Tuesday, November 2, 2010
Thanks, but no thanks!
Our very first Thanksgiving after we were married, we excitedly planned to cook our first holiday dinner-and then found out in the newspaper on Thanksgiving morning that our turkey had been recalled due to some food poisoning concerns. A quick trip to the grocery store revealed that our turkey was actually ok-but still, “A little heart attack with your stuffing, anyone?” ( Or, how not to make a good impression-make your guests ill.)
There was the Thanksgiving in New York. We had just moved there, and we were still getting to know people. We invited a serious young couple-Jean and Jim- and their small daughter Sarah over to celebrate the day with us-the “ us” being Stuart, myself and our Bassett Hound Maggie. We tried to make a good impression. We tried to make everything perfect. And I didn’t want to appear rude, but I honestly couldn’t understand what Jean was trying to tell me, making only whimpering noises, until she pointed towards the living room-and there was Maggie, with the entire cheese ball in her mouth. No body wanted any appetizers after that.
Then there was the year that I decided to try to get the kitchen as clean as possible while some of the food was still cooking so that after dinner there wouldn’t be a gigantic mess to clean up. I grabbed a measuring cup full of grease and bits of turkey, and dumped it down the sink. I realized my mistake when Stuart asked what had become of the turkey “drippings.” Goodbye Thanksgiving gravy. (This is why you always want to have gravy mix on hand, I realized.)
Two years ago, Stuart, Amy and I went to my parents house for Thanksgiving. Thursday morning we decided to attend Thanksgiving Day services at a quaint little church near their home. During Communion, as I prepared to take a drink of wine from the large cup I was offered-it flew out of the Communion assistant’s hands and spilled all down the front of my sweater. “Oh I’m so sorry!” she gasped. “Don’t feel bad.” I shot back. “I like wearing my wine!” and at that holy moment instantly felt like the most blasphemous person on earth. Afterwards, though, she came up to me and joked as well-“People will think you’ve been hitting the bars early today!” and we both laughed. And luckily my sweater was red wool, so no harm was done.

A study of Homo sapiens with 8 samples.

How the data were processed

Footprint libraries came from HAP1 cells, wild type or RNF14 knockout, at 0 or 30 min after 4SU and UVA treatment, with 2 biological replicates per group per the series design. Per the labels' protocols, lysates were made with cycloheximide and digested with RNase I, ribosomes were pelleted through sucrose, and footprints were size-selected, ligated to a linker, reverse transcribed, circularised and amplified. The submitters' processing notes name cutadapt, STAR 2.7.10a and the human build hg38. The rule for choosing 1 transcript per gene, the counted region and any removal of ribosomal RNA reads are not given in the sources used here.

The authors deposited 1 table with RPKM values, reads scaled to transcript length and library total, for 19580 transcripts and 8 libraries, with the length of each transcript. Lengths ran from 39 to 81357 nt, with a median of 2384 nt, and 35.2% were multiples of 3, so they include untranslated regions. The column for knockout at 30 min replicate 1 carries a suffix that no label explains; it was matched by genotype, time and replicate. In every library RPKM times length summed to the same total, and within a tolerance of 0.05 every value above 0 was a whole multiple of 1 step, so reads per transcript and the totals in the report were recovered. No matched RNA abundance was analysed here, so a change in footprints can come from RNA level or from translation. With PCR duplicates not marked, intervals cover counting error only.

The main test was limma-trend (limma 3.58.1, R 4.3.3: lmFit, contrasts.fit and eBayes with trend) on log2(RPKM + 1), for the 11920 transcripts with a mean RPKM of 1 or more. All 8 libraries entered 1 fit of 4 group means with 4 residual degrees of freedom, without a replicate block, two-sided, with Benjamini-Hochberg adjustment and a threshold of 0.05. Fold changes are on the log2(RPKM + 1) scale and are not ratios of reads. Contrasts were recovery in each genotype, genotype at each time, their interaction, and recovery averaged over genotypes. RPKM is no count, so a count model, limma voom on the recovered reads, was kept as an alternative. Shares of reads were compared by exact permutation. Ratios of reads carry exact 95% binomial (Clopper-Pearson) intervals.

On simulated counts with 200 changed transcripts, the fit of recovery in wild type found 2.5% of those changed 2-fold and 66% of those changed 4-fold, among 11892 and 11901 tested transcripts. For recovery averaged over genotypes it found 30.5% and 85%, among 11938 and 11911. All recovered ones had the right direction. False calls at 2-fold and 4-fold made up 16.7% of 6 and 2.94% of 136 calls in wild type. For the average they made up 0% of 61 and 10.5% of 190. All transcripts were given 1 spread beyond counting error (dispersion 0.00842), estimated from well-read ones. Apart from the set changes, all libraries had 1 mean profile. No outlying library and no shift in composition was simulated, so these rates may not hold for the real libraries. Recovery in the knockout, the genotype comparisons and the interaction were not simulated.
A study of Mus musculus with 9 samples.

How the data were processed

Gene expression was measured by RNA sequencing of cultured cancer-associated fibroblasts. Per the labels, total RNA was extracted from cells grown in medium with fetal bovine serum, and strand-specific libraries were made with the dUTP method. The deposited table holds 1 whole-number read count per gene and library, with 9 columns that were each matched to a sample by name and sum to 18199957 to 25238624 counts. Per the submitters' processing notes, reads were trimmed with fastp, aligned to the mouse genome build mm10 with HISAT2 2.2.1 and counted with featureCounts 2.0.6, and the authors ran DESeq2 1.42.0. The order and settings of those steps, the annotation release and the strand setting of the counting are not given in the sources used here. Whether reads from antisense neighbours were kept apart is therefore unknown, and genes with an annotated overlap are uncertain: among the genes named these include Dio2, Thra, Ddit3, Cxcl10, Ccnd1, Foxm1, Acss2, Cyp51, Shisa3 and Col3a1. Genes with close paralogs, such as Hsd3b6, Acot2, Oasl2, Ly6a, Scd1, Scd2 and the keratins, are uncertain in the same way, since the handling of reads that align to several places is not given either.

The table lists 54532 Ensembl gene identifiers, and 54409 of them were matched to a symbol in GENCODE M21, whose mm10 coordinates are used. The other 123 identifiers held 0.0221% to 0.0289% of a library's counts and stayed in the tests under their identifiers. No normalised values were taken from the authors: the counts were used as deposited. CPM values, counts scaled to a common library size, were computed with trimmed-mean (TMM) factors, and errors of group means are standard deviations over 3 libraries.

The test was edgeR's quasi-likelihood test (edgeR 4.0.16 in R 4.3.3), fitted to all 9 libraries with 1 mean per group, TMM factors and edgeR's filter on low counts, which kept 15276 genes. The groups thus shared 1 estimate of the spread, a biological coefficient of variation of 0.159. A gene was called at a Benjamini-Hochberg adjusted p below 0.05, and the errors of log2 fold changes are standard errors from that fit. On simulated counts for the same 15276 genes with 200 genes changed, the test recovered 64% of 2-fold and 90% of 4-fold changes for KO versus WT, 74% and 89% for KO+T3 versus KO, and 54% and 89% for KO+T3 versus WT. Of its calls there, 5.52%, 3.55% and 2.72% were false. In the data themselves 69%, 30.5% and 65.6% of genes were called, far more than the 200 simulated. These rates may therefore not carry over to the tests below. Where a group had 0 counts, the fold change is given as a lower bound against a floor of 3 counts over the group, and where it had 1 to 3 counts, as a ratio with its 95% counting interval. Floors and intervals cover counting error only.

Later that day, after we’d finished our delicious dinner and we were relaxing, I suddenly had the sinking feeling that I hadn’t unplugged my own iron (an older model-one that didn’t have auto shut off) at my own house--100 miles away. I quickly dismissed the thought as irrational and put it out of my head. But you guessed it-when we got home after that Thanksgiving visit-and I looked in my sewing room-there it was-my iron- STILL PLUGGED IN!
This year-we are having Thanksgiving dinner at our house again. And getting through the day without any surprises—for that I will be truly thankful!